Still reeling from the latest Grimes record, Cormac Duffy grapples with the idea of internet music
As anyone who widely reads music journalism will know, the same take on an artist tends to pop up again and again, repeated to a level that begs for a ‘Roxanne’-style drinking game. The latest offender is discussion of 2012’s thus far most substantial buzz-thing Grimes, Montreal’s Claire Boucher, as ‘post-internet’ music, from a quote she dropped in interview years back. Firstly, it seems to support the thesis that music writing prefers analysis readiness to quality, but that’s for a different, more self-referential column. What it really brings up is the case for internet music as a discrete phenomenon. We’ve reached a critical mass of sounds that are by-products of our online life, that we can now classify as a culture with its own music, slotting neatly between India and Iran in our local record shop’s world music section.
In Grimes’ case, it refers to that genre-defying scope that comes only from an adolescence where all the world’s sounds were a click away, a common cause of our era’s maximalist tendencies. But the influence has been pointed out in other cases, even without catchy quotes by the artist. The culture gorging that the internet allows, as well as the ability to self-release your pet projects regardless of the fact that they’re slightly less listenable than a traffic jam, means that the internet is the home of weirdness. At the same time, this opening up of our cultural access has left us to consume the past greedily, regurgitating it as either unabashed plagiarism, or the strange, critical engagements with the past we hear in the work of James Ferraro or Maria Minerva.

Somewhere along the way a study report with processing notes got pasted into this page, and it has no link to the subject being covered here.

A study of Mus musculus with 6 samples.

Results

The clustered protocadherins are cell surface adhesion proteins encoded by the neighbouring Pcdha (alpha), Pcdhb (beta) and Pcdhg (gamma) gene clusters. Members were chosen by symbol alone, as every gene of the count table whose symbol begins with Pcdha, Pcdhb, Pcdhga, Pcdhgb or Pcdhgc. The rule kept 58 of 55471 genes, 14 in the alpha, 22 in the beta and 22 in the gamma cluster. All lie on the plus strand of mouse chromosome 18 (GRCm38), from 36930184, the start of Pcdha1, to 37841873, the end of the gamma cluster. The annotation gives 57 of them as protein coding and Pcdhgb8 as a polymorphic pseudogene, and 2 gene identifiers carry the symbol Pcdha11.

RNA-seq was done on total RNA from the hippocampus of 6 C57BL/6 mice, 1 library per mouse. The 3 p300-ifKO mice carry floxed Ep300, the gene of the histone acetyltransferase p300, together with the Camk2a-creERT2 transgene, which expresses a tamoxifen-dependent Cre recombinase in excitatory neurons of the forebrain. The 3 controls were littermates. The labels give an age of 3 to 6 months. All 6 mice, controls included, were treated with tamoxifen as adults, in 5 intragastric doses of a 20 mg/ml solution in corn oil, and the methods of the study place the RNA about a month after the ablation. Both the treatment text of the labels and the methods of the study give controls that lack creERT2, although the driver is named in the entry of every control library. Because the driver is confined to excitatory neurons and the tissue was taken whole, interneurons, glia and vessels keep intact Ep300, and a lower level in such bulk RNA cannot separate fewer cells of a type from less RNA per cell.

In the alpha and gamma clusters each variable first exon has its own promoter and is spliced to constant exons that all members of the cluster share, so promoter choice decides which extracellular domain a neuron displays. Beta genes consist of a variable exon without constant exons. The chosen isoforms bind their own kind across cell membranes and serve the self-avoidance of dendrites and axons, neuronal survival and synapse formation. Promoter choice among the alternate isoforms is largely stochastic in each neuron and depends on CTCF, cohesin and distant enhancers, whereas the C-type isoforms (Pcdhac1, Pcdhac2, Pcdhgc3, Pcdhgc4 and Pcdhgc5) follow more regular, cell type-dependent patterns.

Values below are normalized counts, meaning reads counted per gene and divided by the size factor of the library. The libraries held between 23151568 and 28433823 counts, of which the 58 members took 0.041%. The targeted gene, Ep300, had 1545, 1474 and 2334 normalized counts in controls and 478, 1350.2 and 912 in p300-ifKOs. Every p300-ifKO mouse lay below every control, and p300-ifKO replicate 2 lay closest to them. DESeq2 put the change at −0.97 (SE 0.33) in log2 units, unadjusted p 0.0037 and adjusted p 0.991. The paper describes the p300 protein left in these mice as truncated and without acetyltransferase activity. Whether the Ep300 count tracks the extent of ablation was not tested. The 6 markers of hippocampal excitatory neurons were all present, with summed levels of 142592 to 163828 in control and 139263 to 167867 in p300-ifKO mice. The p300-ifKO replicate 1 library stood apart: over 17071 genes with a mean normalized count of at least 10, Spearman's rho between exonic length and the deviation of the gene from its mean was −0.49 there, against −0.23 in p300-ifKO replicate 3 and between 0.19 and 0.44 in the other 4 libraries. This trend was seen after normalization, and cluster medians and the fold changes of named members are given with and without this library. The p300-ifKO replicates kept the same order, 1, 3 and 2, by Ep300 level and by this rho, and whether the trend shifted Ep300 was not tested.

As easy as it is to draw these links and carve out a category for it all, it’s an approach that limits our insight into what’s really going on. On one level, the effects attributed to the internet are nothing amazing. At least since the day when The Beatles were high enough to think an all-white album cover was a great idea, genre has been pretty much opt-in, and at similar times, we look not at how the structure dictates. To say music is a product of the internet is like saying that The Avalanches were a product of second-hand records. Sure it’s true, but it’s hardly the determinant of Since I Left You’s quality. Music is the same whatever time period it came from, and criticism should keep the treatment the same, and make sure the focus is on the music, not the structure they’re in, no matter how nice a narrative it makes.